Every so often I’ll try “time blocking”: scheduling different tasks into my workday instead of writing them down and hoping they will get done at some point.
In theory, this strategy is brilliant. And yet I rarely find it helpful.
What typically ends up happening is I organise my day beautifully: From 10 a.m. to noon I’ll write a story; from noon to 2 p.m. I’ll do research for another story; and so on.
And then it’s 2 p.m. and I’m only halfway through that first story and I can’t possibly understand what went wrong.
What went wrong, it turns out, is that I once again fell prey to the “planning fallacy.” It’s the tendency to underestimate how long it will take to complete a specific task.
Caroline Webb, a former McKinsey partner and the author of “How to Have a Good Day,” shared her thoughts on the planning fallacy in an interview with psychologist Ron Friedman during the Peak Work Performance Summit.
“Rather than going back over every single instance of a similar task and looking at what the average is across that and then thinking about all the different variables for getting this task done, what you do instead is think of one shining example where everything went right, where you had no interruptions, you knew exactly what it was you needed to do, and you just got it done.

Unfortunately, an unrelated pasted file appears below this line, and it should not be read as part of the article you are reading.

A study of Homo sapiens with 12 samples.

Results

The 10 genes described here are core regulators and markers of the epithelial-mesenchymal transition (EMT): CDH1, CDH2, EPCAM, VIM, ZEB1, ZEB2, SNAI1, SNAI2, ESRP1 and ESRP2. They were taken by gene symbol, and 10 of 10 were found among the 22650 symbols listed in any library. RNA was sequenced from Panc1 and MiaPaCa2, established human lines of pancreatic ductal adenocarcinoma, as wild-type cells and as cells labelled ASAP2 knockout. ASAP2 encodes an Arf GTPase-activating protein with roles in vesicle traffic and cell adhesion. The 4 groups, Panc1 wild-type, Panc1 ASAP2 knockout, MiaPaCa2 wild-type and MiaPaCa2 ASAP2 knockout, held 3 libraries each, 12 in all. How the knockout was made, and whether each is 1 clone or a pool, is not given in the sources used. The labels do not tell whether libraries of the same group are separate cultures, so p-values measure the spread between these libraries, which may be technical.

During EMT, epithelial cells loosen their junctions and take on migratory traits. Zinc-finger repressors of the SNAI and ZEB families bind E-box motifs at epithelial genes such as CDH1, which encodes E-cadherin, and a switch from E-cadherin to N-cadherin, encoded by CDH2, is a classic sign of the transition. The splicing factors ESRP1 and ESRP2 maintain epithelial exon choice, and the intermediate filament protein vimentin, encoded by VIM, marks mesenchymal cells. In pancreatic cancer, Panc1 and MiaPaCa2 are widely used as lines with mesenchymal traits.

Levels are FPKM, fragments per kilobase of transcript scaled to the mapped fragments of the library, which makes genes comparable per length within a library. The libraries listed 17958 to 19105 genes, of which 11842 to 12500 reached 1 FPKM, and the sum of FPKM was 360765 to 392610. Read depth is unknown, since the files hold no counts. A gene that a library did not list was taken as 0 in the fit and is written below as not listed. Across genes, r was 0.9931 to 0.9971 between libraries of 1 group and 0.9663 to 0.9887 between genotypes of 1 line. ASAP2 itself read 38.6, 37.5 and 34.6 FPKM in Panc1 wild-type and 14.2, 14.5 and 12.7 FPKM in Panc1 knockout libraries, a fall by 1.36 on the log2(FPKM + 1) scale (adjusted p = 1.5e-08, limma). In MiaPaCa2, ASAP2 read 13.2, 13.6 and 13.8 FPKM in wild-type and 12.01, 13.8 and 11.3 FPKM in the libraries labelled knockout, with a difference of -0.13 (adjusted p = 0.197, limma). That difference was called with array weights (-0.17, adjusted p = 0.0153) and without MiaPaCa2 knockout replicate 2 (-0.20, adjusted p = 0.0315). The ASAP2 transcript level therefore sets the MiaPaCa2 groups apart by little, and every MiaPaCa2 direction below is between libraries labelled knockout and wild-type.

“Then that sticks in your mind as the idea of how long this task takes. That’s the planning fallacy — that we use the shining example rather than the true average of our lives for how long this type of task has generally taken.”
In other words, I remember that one time I banged out a story in an hour and assume that’s how long writing a story always takes. I conveniently forget about all those times I started a story and then deleted the whole thing, so that it ultimately took three hours to finish.
The solution, Webb said, is twofold:
1. Estimate how long it will take you to finish one project. Now double that estimate — and add some buffer time.
2. Cut your to-do list in half.
Webb’s reasoning is that, using these strategies, you’ll accomplish most of what you set out to do. In turn, you’ll feel happy, and motivated to do more the next day.
If, instead, you go home knowing you fell short of your goals, you’ll be disappointed — and less motivated.
Here’s Webb again:
“I’m not saying you don’t have aspirations to achieve great things, and I’m not saying you may not have lofty goals. What I’m saying is all the evidence suggests you’re more likely to stay motivated and enjoy the journey if you break the steps down into small, manageable pieces that make you feel clear you’re making progress along the way.”